There is nothing cuter than wild animal babies, and nothing more tempting than to want to cuddle them, raise them and feed them.  They bring out the mothering instinct in us because they look so vulnerable.  Many people think “how hard can it be?”  “just give them a bottle or some birdseed “.  The truth is that it is very hard to raise any wildlife, and even the best intentions usually end up harming or killing the animal.  

We are just finishing up with baby season at the Cape Wildlife Center and have cared for 2100 animals so far this year.  Some were brought to us immediately upon being found orphaned, and did well and were released. Some were kept for days, even weeks and sometimes years being fed the wrong diet and cared for in an inappropriate habitat.   All these people were trying to do the best thing, had consulted the internet, talked to friends, but in the end the animal suffered because of inadequate care.

Please do not try to care for or feed wildlife.  Wild animals need to be raised by rehabilitators in Massachusetts, not only because it is their best chance of survival, but because it is the law.  The Cape Wildlife Center is open 7 days a week  9-4 to receive sick, injured or orphaned wildlife.

The most frequent problem we see is in animals that have been given formula.  Each species and each age needs a different kind of formula.  If given goat milk, kitten formula, etc. they may be ok for a few days but then their digestive tract can’t handle it and they may bloat or have diarrhea, dehydrate and die.  They also can get formula into their lungs (aspiration) and choke or develop pneumonia.  Many of our small mammals cannot feed by sucking on a nipple.  They are fed by passing a tube directly into their stomach to avoid these problems.  These include bunnies, opossums, and raccoons.  When we get animals that have been improperly fed it takes a lot of care to try to get them healthy again.

Animals also develop problems if they are given too much protein, or if their diet is lacking in vitamins and minerals.  This year we received 12 baby opossums that had been illegally kept and fed nothing except raw chicken for 7 weeks.  They were then brought to us because they couldn’t walk and were very sick.  They had all developed Metabolic Bone Disease (MBD) from their inadequate diet.  They were severely lacking in calcium, similar to the human condition rickets.  We immediately adjusted their diets and gave supplements to increase their calcium, but despite weeks of care, 10 of the 12 died and could never walk.   Now 10 weeks later we have 2 left:  one that is well enough to be released, and the other that didn’t develop enough to be in the wild so we are looking for a placement as an educational animal.  Had they been brought to us immediately, there is a good chance they all would have survived and been able to released back into the wild.

Angel Wing is another common problem we see in birds, mostly waterfowl who are fed an improper diet rich in protein and carbohydrates, like bread, and crackers.  This diet accelerates the growth of the wing which causes it to have improper bone support. The wing then twists outward and drags on the ground.  These birds can’t fly. It is not reversible.  If they had been fed corn, greens, grapes or birdseed this would  not have happened.  One of our major public educational campaigns is to get people to stop feeding bread and crackers to birds.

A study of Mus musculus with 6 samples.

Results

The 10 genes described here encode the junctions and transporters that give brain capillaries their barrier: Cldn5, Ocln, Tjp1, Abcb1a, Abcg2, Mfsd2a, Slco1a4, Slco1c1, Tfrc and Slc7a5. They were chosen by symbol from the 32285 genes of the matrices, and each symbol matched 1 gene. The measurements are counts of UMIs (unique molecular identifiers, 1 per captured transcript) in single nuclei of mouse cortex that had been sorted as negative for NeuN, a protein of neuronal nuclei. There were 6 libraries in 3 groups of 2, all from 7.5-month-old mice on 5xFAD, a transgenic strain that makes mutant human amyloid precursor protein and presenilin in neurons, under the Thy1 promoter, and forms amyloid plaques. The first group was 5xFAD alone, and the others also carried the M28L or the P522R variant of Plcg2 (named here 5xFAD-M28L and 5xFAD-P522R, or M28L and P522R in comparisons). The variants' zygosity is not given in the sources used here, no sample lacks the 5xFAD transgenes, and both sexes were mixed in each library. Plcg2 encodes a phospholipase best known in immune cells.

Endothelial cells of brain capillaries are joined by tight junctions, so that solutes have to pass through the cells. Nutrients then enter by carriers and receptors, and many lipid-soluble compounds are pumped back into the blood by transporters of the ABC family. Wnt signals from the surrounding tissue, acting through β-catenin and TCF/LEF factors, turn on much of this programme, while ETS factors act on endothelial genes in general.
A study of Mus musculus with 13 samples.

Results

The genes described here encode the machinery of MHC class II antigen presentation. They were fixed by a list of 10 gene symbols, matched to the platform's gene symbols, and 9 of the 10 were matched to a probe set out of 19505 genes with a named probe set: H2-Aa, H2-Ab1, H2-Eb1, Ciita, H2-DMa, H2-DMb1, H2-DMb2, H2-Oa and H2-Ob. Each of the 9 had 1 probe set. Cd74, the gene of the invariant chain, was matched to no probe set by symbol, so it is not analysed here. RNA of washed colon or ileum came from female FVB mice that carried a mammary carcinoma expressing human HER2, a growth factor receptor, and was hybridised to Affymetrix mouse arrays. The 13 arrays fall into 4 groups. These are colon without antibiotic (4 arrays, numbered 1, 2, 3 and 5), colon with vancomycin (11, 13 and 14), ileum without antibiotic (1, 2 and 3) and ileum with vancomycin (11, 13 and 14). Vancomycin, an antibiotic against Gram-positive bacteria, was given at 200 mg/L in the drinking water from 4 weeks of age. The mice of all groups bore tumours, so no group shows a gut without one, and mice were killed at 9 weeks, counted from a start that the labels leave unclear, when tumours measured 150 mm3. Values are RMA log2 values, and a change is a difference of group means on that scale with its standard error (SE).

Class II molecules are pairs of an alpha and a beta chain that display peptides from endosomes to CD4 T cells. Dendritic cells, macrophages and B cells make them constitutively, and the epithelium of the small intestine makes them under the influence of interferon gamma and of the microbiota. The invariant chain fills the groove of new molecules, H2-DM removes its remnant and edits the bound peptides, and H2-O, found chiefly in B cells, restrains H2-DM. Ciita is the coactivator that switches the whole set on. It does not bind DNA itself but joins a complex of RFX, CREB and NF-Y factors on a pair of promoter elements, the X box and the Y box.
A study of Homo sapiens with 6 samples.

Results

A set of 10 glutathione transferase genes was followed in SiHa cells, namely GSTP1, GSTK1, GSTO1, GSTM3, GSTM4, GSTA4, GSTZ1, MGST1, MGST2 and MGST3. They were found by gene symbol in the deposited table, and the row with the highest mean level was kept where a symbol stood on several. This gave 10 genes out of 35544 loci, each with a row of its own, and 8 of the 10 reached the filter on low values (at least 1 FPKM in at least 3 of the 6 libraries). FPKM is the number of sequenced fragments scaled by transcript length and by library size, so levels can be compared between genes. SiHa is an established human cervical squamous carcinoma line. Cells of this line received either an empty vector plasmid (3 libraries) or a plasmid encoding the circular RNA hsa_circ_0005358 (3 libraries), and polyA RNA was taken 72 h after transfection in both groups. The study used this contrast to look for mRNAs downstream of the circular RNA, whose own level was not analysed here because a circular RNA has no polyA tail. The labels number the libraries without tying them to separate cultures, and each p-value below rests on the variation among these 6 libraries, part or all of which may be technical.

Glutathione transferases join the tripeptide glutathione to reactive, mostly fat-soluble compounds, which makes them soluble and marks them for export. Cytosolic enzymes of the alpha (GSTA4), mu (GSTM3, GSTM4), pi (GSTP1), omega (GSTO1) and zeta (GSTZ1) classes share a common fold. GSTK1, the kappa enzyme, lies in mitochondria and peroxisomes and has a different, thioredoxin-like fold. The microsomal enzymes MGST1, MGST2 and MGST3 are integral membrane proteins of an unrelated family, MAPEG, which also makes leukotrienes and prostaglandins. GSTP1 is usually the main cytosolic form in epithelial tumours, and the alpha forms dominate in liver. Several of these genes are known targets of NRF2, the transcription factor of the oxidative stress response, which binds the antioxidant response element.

Turtles are a species that people commonly take from the wild and raise as pets.  In Massachusetts most of our turtles are endangered or threatened and we try very hard to keep their numbers stable.  As with any wildlife , they are illegal to keep as pets.  Turtles develop many serious issues in captivity.  They are prone to a Vitamin A deficiency that leads to abscesses in their ear cavity.  This is directly related to their diet.  When we get these turtles at our center they need to have surgery to remove the abscess under sedation ( which is always risky for reptiles), and then are put on antibiotics for the infection and pain medication.  Reptiles heal very slowly so these turtles may be with us for months.  Turtles also need UV light, Vitamin D, and the proper water temperature and salinity.  If any one of these factors are off they can get quite sick or develop problems with their shells which can include shell rot, pyramiding of the shell and metabolic bone disease.

Feeding wildlife interferes with the natural healthy balance between populations along with  these broader issues:

Fed wildlife get used to the presence of people  and they can become a threat to both human and animal safety.

Feeding wildlife can lead to overabundance of populations in a habitat that cannot support them.

Feeding promotes the concentration of animals in one small area which can accelerate the spread of disease.  Many of these diseases like chronic wasting disease in deer are difficult to eliminate.

Human food is not a healthy diet for wildlife.  It can lead to malnutrition and permanent damage, sometimes death.

Animals that are fed year- round may alter their natural behaviors, become less wild, and therefore less valuable to humans who now see them as a nuisance.  Think about our Canada Goose population.

Good intentions can have bad results.  With education, we hope to help people understand the best way to live in harmony with our wildlife.

To learn more about the Cape Wildlife Center or help in their mission, visit or call 508 362-0111. 

Caryn Ritchie is the volunteer coordinator for the Cape Wildlife Center and holds both a Massachusetts rehabilitator’s license and a federal permit to rehabilitate migratory birds.